On one hand, you would love to show up to work (or more accurately, be caught with a glass of wine at a posh bar after work) in a chic little fitted dress with stilettos, cleavage and lipstick. On the other hand, it is not the sixties any more, and you’re not Christina Hendricks in Mad Men.
Depending on your role, you might get some subtle (or overt) hints that your appearance is important. When I worked in sales, for example, it was common knowledge that a shorter skirt or a tighter top helped in attracting male customers. Heels were expected, as was a full face of make-up. Later as an assistant in an accounting firm I morphed out of my dolled-up sales persona into flats and collared shirts. Now I’m back on heels, but they are court heels and I wear them with pencil skirts and ‘sensible’ tops.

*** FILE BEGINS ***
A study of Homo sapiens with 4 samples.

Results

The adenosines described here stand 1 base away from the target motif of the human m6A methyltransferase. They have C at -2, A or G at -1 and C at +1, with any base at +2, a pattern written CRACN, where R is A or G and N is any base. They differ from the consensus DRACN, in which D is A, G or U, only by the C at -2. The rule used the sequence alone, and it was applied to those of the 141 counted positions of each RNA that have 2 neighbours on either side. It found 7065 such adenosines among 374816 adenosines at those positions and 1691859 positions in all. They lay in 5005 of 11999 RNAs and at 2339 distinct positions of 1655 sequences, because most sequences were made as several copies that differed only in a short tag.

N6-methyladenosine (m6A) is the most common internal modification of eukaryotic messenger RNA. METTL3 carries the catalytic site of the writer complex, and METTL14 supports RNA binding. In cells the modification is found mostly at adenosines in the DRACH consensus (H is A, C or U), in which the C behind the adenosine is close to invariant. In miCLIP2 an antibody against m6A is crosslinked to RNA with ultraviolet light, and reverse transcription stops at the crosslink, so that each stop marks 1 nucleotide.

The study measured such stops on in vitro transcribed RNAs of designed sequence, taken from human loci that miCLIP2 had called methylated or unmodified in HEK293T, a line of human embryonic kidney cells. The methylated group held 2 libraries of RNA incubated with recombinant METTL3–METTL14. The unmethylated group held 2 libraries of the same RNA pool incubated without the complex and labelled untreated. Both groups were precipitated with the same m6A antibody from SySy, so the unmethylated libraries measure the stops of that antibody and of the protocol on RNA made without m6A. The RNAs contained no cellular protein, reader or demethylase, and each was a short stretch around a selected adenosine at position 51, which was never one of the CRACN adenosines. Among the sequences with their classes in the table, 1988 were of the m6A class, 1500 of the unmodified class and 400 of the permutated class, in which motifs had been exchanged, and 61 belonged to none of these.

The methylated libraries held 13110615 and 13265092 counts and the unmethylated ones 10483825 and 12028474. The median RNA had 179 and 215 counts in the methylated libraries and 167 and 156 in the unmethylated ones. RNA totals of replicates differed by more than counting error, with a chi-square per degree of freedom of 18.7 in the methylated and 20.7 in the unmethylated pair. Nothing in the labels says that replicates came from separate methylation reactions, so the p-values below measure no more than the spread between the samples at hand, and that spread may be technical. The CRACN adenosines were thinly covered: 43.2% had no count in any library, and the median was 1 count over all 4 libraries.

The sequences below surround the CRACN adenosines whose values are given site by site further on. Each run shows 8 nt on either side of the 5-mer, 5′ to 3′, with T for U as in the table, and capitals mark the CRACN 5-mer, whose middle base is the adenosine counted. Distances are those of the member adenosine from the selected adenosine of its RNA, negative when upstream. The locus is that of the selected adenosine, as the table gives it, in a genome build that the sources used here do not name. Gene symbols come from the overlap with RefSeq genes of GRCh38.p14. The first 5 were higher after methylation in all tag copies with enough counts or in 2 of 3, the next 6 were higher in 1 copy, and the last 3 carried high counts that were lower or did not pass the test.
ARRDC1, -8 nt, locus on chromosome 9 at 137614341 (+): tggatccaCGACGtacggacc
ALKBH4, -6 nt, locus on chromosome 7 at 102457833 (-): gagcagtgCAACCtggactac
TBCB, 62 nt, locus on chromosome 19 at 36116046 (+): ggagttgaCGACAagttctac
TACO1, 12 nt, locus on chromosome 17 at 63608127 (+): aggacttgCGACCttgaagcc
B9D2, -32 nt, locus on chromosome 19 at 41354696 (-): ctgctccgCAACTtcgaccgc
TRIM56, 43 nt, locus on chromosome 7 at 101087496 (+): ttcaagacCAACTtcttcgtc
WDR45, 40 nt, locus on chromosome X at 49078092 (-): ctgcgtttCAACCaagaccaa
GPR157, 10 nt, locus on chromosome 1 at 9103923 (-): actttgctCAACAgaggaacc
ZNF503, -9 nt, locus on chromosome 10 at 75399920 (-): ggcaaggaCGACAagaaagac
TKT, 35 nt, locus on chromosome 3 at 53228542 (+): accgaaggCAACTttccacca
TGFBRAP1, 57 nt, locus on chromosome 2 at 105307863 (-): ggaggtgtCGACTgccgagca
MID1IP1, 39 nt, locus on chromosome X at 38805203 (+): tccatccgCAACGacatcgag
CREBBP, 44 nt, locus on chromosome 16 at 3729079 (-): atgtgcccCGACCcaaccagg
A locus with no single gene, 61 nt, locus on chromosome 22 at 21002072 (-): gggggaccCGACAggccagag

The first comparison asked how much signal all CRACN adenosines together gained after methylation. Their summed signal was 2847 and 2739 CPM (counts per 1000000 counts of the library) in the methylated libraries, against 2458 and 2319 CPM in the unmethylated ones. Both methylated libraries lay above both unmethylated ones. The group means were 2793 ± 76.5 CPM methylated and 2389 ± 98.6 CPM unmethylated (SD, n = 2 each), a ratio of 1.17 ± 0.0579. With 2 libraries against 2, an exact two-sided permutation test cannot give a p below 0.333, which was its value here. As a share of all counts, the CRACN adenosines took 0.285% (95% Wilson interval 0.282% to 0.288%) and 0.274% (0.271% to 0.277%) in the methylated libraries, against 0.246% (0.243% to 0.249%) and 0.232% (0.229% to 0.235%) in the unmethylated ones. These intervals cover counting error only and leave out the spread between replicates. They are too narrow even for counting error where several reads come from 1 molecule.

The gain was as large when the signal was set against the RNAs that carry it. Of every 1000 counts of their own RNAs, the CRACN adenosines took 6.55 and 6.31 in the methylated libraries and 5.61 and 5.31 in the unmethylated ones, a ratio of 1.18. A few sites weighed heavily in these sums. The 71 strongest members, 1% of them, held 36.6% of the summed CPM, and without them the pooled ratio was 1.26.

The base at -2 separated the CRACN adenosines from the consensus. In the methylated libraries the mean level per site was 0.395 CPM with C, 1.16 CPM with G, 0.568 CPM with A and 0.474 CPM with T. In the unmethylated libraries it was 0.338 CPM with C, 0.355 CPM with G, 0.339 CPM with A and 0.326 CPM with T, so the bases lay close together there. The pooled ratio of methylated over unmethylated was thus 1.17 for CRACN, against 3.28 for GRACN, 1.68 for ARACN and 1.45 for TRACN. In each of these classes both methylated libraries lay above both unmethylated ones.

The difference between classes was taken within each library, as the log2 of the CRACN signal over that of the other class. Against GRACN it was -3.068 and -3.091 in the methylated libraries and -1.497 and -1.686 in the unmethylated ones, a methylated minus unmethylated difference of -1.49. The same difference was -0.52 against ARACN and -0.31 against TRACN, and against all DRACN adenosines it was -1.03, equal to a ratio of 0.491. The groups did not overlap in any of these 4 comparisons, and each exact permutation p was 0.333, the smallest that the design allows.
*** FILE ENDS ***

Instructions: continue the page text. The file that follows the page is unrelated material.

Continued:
"Jill Pringle - Portraits - Waldorf Hotel" by kris krüg
While I love workwear, and love to dress up, I feel constantly divided between wanting to flatter my figure, and worrying that over-emphasizing my looks will lead to people focusing on my body instead of my brain. After all, I was hired for my degrees – plural – not the way I look.
This dilemma has led me to ask as many women as I can for their advice. What they had to say was extensive, but it comes down to one simple phrase: own it. Not to over-exaggerate your body, not to work it, not to show it off, but own it.
"Teresa Moore" by fervent-adepte-de-la-mode
Unwelcome comments can be deflected by a simple “thank you. How can I help you?” or simply “I like this dress too. Now, if we return to your recent question…” The office doesn't have to be a place where you sacrifice your personality or individuality. As long as you are dressed appropriately for the position you hold and for the company you work for, your clothing should be of no relevance – except, of course, that it can make you feel fantastic.